A new model of ancient Earth has revealed that continents in the earlier period appeared and then suddenly disappeared without leaving little to no trace. Results of the research, published in the journal Precambrian Research, can be used to produce more accurate models of oil maturation in sedimentary basins.
During the course of the latest study, the researchers found that Earth’s continental crust may have been thicker, much earlier than current models suggest, with continents possibly present as far back as four billion years.
“We use this model to understand the evolving processes from early Earth to the present, and suggest that the survival of the early crust was dependent on the amount of radioactivity in the rocks – not random chance,” said Dr Derrick Hasterok, geoscientist at the University of Adelaide. “If our model proves to be correct, it may require revision to many aspects of our understanding of the Earth’s chemical and physical evolution, including the rate of growth of the continents and possibly even the onset of plate tectonics.”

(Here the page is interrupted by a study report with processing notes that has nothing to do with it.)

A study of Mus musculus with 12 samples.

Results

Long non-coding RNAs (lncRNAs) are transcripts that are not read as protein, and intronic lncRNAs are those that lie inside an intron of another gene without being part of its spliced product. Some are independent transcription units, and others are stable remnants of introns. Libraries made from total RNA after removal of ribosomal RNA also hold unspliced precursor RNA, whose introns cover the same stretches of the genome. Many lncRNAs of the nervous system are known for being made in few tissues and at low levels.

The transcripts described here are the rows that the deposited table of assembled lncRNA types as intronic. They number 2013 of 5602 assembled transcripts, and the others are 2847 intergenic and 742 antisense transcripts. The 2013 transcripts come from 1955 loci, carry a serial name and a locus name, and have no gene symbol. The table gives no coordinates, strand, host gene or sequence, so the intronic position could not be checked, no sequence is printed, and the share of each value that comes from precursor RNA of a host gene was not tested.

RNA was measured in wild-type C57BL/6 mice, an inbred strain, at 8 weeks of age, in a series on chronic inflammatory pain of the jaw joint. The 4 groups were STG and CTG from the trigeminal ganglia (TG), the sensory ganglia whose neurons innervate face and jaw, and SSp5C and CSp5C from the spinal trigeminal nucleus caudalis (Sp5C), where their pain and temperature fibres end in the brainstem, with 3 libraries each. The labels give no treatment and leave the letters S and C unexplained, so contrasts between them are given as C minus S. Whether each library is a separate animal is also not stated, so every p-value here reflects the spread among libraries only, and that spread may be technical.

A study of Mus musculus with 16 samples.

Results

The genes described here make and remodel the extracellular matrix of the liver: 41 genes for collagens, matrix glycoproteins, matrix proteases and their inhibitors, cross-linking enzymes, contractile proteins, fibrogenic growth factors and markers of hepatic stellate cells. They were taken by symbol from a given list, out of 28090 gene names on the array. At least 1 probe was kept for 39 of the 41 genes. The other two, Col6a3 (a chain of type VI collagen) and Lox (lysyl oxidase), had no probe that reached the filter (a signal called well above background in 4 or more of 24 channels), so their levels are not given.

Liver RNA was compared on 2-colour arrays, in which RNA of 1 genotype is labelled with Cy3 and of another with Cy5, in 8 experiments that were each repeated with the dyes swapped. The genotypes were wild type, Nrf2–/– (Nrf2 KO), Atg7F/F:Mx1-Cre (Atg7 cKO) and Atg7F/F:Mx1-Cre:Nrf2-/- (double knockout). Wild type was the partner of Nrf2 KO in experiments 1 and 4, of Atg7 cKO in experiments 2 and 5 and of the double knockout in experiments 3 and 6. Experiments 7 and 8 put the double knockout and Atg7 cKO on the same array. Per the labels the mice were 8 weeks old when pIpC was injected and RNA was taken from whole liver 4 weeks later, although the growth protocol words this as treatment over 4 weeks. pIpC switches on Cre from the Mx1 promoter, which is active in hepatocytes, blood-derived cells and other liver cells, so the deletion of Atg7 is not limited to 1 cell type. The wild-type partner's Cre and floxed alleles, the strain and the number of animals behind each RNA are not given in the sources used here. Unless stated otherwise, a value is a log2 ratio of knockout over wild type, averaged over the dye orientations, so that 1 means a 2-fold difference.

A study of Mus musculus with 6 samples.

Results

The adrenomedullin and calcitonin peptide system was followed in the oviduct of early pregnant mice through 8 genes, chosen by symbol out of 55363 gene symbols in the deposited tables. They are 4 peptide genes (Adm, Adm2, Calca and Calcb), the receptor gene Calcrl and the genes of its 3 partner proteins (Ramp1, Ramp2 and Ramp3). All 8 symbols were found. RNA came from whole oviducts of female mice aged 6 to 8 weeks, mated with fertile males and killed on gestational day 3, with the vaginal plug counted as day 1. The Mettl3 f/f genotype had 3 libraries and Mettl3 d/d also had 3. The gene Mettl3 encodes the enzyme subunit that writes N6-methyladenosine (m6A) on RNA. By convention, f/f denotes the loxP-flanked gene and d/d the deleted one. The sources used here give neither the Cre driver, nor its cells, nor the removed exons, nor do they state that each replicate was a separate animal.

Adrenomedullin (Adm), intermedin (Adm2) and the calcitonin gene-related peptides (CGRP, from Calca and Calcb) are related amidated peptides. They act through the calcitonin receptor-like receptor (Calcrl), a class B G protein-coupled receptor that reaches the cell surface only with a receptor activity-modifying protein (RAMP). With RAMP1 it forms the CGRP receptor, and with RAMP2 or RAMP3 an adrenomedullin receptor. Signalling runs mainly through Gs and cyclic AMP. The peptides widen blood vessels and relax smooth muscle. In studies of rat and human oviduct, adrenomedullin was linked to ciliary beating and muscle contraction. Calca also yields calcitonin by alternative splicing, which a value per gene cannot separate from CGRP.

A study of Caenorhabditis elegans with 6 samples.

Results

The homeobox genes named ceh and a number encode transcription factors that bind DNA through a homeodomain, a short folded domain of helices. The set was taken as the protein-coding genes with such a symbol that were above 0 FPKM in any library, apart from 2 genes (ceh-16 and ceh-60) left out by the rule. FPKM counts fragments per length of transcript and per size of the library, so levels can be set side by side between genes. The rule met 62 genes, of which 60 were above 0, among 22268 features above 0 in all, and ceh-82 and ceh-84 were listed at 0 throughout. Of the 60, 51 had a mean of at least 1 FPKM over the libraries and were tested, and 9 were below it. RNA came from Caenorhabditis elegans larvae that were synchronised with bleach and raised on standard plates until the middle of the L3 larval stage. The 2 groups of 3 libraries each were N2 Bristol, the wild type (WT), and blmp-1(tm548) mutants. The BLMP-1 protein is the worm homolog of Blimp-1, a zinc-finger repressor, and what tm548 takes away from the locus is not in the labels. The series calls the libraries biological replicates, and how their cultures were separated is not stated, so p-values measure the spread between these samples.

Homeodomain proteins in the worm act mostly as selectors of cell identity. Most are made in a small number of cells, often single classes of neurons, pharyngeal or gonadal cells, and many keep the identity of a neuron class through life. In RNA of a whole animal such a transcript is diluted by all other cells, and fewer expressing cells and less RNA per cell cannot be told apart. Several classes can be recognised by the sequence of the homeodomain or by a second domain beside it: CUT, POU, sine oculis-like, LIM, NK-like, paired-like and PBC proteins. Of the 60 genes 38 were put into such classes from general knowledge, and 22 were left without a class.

In order to build the model, Hasterok and his student Matthew Gard compiled 75,800 geochemical samples of igneous rocks of different ages from different continents. After estimating radioactivity in the rocks, the researchers were able to create a model of average radioactivity from four billion years ago to today.
Dr Hasterok explained that all of the rocks contain natural radioactivity responsible for heat and temperate as they decay. Interestingly, the rocks associated with continental crust have higher radioactivity than the oceanic rocks. For example, a rock which is four billion years old, will have about four times more radioactivity compared to a rock if it was created today. To their surprise, the researchers found an unexpected deficit in the level of radioactivity in rocks older than about two billion years. When they corrected the results for higher heat production, the deficit disappeared.
“We think there would have been more granite-like – or continental-type – rocks around but because of the higher radioactivity, and therefore higher heat, they either melted or were easily destroyed by tectonic movement. That’s why these continental crusts don’t show in the geological record.”
“Our prevailing models suggest that continents eventually grew out of the oceans as the crust thickened. But we think there may have been significant amount of, albeit very unstable, continental crust much earlier.”